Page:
What Are The 5 Common Types of Workplace Conflict?
Did you know that 85% of employees report dealing with some form of conflict at work? Conflict is so prevalent in the U.S. that it costs companies, on average, $359 billion annually. Learning more about preventing and resolving issues helps you avoid being a significant part of that figure. Other benefits include less stress on workers, improved performance, increased trust in the organization, and higher employee retention rates.
Addressing disagreements in the workplace goes beyond the dollar signs, affecting employee well-being and presence. According to one report, more than 25% of people take sick leave to avoid conflict, and 58% say they resigned from the company.
Keep reading for insight into the five conflicts that can affect your business! To learn more about conflict resolution, check out our blog on how to resolve workplace conflicts.
Type 1: Interpersonal conflict
An interpersonal conflict is any conflict in your business between two or more employees.
Examples of interpersonal conflict in the workplace include:
- Coworkers openly criticize each other for the work they do
- Insults are given as a result of frustrations
- Employers/leadership losing their tempers over mistakes
- Bickering and gossip
Building and maintaining a better company culture is important. It's also helpful to integrate your company's core values into your culture and hire candidates based on their compatibility with your envisioned work environment—and as a result, your team.
Type 2: Organizational conflict
Organizational conflicts are those that occur between departments or teams. This is most common when different teams or departments practice poor communication, resulting in mishaps hindering assignments. It's also common for disputes to arise when there is a competitive nature dividing the two (or more), such as a competition to see who does better on a given assignment.
To avoid friction, we recommend supplying helpful tools and resources that keep communication open and easy. It may also be beneficial to avoid competitions that label one side as 'good/winners' and the other as 'bad/losers.' If you notice these behaviors, you must address them immediately to discuss what each team needs from the other to avoid any continued problems down the road.
Type 3: Task-related conflict
Task-related conflicts are exactly how they sound: conflicts related to job responsibilities and tasks. Signs of this often arise in an environment where teamwork or collaboration is necessary, and the two workers are incompatible. Examples include team members 'taking sides' in a disagreement with a project, disagreements with company procedures/processes, and differing opinions on the interpretation of facts.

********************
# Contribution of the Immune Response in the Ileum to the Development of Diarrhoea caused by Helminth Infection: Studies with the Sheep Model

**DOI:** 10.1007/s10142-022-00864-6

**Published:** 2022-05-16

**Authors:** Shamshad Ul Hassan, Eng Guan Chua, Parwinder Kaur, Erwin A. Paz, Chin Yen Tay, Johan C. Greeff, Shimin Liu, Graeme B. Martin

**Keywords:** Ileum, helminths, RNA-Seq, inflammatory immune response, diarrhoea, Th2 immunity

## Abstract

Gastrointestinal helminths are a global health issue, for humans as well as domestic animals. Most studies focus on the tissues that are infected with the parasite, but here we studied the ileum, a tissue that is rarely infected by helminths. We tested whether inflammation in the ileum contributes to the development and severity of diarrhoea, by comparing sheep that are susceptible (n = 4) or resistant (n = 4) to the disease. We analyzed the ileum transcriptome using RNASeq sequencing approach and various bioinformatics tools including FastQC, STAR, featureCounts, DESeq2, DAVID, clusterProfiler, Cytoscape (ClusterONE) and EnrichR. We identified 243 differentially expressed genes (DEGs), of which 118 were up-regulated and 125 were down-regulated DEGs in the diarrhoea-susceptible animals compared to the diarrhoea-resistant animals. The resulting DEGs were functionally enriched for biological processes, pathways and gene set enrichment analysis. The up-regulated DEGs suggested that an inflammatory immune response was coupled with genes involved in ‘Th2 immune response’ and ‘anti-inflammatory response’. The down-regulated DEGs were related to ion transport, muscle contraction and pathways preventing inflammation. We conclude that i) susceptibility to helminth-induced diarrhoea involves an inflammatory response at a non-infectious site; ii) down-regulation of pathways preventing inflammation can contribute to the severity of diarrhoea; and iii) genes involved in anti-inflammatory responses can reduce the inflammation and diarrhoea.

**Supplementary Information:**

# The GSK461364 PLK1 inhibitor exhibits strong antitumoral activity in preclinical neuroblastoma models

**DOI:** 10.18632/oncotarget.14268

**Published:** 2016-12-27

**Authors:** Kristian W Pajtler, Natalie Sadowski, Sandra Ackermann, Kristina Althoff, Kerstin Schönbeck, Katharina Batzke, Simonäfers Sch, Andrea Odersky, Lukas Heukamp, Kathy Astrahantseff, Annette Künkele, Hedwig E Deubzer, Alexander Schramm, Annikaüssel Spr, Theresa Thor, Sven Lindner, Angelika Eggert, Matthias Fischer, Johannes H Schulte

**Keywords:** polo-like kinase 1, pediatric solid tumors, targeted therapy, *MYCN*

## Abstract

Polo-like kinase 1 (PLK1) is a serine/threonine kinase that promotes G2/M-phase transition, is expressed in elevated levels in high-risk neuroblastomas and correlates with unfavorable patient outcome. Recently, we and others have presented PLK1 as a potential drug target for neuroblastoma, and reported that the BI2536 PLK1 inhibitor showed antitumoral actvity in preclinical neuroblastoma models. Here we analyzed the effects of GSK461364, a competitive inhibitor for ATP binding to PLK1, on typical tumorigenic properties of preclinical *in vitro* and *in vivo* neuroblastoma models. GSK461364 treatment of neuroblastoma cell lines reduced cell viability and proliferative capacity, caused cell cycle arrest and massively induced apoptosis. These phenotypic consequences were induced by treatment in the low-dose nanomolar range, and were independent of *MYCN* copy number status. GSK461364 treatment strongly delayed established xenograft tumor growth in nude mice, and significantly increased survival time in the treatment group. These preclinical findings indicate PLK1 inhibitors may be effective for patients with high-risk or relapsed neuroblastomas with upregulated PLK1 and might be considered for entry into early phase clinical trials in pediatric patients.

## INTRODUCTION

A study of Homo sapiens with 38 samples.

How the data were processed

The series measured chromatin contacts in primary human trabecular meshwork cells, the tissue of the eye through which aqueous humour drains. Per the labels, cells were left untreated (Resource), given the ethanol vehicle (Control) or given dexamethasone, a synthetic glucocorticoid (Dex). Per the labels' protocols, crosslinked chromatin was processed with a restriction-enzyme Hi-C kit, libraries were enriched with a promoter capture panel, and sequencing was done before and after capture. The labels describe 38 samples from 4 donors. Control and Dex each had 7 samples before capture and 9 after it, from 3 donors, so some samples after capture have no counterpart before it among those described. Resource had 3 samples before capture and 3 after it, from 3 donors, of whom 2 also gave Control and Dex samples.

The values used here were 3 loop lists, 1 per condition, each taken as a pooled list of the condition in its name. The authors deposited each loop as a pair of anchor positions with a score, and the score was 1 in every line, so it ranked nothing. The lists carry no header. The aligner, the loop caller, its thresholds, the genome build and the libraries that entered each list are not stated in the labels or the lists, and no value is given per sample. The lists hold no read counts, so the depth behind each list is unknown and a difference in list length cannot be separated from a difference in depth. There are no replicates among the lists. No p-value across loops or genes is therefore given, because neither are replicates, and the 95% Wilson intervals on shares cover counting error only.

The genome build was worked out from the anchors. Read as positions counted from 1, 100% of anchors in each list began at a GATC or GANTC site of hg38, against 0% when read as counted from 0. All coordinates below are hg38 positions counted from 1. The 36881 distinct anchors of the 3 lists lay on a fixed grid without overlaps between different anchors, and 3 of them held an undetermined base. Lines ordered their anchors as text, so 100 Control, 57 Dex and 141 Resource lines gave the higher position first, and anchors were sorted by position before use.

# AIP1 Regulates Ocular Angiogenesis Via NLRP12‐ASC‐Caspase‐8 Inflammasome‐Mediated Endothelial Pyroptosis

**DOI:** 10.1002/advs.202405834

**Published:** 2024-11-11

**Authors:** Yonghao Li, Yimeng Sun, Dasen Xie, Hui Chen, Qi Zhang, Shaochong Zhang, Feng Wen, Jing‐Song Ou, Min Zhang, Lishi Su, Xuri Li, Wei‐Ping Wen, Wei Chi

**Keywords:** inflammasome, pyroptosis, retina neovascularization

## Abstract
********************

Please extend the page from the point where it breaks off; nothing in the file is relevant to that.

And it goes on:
To avoid task-related conflicts, you may want to consider fostering a company culture that is more understanding and accepting of the various ways assignments can be completed (as long as the results are still positive). If one worker is doing a job wrong and you notice the tension between them and a coworker, sit both parties down to discuss the right way to do the task and let someone know they're doing it wrong. Another solution would be to only partner team members with compatible employees.
Type 4: Interest-based conflict
Interest-based conflicts refer to disputes that arise from competing interests. A typical example that affects employees in the same workspace is when one employee is motivated by money to complete tasks while with another employee—their passion inspires them. Conflicts can arise in this case because the more financially-motivated team member (the 'just here for the paycheck' type) may consider an assignment done. At the same time, a more passionate worker may want to continue making improvements.
This may be another case where partnering more compatible employees with each other can be more successful. However, it's not always possible. So, if you notice signs — like apparent stress, tensions, or disagreements — sit all parties involved down to discuss the best ways to move forward without additional strain.
Type 5: Value-based conflict
Your value-based conflicts in the workplace arise from differences in values or beliefs. This can be significantly reduced by strengthening your company culture and hiring talent compatible with your company's merits and beliefs. That said, some examples of what these conflicts look like in action include:
- Clashes between coworkers over the ethical standards they expect from each other
- Refusal to do business with, or work alongside, another employee for reasons such as 'unsavory moral grounds'
- Differing work/life balance beliefs—i.e., one employee leaves on time every day, while another works overtime to complete tasks
Suppose you notice the latter example is a prominent issue in your workplace and causes pressure for others to put in the same 'overtime' efforts. In that case, we recommend sitting employees down to discuss the importance/benefits of a healthy work/life balance.
We know that some level of conflict is unavoidable. How much strife affects your business and the amount that it hurts employees is, however. Recognizing and addressing disputes as soon as you see them arise in the workplace is crucial to the health of your company culture and how smoothly your business will run. PRO Resources is a PEO with the expertise and skill to minimize conflicts in your organization. Let’s have a conversation about how we can help you improve.